Do you automatically think the thinner person is healthier than the heavier person? Do you assume the man has fewer home responsibilities than the woman? Are you leaning toward the prettier applicant than the plainer one?
Conscious or unconscious bias affects all of us. Sometimes, we can step back from a knee-jerk reaction and take other factors into consideration before we pass judgment. Other times, bias seeps into our decision-making.
Experts have spent countless hours testing and cataloging how people perceive race, ethnicity, gender, age, disabilities, religion, sexual orientation, weight and attractiveness. The raw fact is that social stereotypes affect hiring, promotion and co-worker affinities.
While some people may be overtly racist, or homophobic or sexist, most of us — we hope — try to follow the “don’t judge a book by its cover” adage.
Professional orchestra auditions held behind screens — to reduce documented bias for male candidates — are one kind of block. Removing names — which often indicate ethnicity — from resumes before hiring officials see them is another kind of block.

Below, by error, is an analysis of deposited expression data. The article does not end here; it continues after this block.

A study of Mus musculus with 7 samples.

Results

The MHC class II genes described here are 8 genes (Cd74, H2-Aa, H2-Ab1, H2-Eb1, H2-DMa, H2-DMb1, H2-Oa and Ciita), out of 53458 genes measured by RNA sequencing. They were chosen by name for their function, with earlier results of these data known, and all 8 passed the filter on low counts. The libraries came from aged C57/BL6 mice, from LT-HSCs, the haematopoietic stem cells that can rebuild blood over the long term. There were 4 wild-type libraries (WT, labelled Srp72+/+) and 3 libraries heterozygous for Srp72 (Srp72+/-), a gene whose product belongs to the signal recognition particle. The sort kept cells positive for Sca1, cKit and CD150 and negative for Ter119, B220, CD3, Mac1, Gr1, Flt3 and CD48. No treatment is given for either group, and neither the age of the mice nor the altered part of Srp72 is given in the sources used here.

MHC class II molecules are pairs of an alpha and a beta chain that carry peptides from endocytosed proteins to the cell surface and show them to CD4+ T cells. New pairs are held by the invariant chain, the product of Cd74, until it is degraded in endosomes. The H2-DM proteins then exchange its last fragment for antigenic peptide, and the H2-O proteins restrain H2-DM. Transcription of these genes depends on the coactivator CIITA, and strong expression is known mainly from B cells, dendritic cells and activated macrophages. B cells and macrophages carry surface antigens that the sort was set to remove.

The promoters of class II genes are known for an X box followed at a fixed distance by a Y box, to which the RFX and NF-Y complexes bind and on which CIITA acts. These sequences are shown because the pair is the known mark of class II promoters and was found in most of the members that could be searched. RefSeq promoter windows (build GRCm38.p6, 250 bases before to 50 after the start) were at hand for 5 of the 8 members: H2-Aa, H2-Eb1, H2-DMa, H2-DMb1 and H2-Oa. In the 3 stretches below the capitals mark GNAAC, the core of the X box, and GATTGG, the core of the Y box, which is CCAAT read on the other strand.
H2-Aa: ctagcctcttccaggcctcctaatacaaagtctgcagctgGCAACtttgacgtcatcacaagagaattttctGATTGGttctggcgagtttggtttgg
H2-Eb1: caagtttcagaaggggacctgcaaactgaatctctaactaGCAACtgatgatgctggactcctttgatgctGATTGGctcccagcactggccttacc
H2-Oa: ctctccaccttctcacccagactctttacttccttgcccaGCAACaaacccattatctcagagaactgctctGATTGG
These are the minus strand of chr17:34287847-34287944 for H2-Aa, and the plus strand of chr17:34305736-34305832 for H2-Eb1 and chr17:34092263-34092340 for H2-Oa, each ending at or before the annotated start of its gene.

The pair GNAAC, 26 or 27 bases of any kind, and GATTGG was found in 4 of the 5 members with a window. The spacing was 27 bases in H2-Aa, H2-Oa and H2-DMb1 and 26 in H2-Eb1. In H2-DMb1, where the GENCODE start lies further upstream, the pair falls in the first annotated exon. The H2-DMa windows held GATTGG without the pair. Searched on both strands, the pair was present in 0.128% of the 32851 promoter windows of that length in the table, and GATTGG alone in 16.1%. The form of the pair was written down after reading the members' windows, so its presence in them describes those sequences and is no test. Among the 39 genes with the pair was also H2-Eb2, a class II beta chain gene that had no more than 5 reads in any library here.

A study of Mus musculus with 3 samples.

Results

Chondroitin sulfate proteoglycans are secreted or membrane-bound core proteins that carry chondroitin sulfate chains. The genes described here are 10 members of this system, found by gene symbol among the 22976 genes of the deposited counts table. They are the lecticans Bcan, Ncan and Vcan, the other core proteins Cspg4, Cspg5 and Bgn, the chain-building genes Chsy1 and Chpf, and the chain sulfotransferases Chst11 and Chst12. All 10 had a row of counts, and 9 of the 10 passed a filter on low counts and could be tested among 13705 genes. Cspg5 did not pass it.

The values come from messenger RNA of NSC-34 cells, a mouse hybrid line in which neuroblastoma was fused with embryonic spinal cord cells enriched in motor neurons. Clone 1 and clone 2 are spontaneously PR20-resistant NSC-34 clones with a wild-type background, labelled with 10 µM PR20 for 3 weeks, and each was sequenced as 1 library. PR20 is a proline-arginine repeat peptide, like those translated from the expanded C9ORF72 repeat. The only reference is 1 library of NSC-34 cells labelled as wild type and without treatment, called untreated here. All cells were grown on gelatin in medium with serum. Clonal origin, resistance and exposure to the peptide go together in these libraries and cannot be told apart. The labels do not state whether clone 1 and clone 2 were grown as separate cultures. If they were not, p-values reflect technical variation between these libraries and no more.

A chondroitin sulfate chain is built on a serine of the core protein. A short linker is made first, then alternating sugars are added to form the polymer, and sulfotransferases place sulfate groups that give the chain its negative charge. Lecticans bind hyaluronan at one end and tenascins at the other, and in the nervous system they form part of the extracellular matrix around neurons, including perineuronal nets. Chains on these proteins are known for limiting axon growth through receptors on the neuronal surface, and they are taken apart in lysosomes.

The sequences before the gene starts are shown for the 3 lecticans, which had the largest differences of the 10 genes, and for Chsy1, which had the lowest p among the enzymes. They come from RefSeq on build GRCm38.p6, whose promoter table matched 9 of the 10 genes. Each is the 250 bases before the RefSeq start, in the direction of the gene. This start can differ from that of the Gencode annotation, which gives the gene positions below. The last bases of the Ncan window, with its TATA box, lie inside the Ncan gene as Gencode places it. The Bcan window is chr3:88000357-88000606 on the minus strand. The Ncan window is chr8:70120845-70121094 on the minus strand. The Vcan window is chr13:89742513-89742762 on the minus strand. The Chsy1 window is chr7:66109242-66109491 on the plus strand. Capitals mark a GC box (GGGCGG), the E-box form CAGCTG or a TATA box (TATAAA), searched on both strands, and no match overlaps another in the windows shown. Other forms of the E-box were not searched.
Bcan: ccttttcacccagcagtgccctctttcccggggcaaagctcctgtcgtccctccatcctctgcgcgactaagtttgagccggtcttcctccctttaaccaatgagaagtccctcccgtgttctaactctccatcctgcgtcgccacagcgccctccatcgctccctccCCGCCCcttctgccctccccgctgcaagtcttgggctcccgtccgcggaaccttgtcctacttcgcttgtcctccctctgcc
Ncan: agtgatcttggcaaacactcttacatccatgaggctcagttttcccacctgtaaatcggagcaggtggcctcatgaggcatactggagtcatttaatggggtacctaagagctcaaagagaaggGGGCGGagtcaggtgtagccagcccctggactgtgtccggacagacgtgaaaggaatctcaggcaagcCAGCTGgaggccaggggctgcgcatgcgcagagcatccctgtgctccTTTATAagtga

O’Hearne said a number of employers in England are excising the names of schools from applicants’ resumes. There, perhaps more than in the United States, where one went to school is a cultural identifier, she said.
“A lot of people say to me, ‘Wow, bias? Are we still talking about that?’ ” O’Hearne said. “But others say, ‘Wow, we really need to work on this.’ ”
O’Hearne is doing that. She speaks on fighting bias around the country and has just written a new book, “Breaking Free from Bias: Preventing Costly Complaints, Conflict and Talent Loss.”
Aside from organizational upheaval, which few of us have the power to accomplish, there are little things anyone can do — things as simple as taking a few deep breaths before solidifying an immediate opinion of someone. That’s brain science, O’Hearne said, and it forces a flow from the “primitive brain” to the frontal lobe where more sophisticated decision-making occurs.
Is that going to make a world of difference? No. But, like snapping a rubber band on your wrist, it’s a cue to dig deeper when forming opinions.
It could help a manager consciously fight an “affinity bias” that projects mutual values or “like me” feelings when evaluating people for hire or promotion. It could prompt a younger co-worker to not assume an older worker won’t accept change. It might help a group of co-workers reach out to someone “different” to join them for a beer after work.
“It’s for the greater good,” O’Hearne believes. “Doing the right thing as an individual will have an effect on the organization. It will have an effect on the bottom line. What’s been done so far isn’t enough.”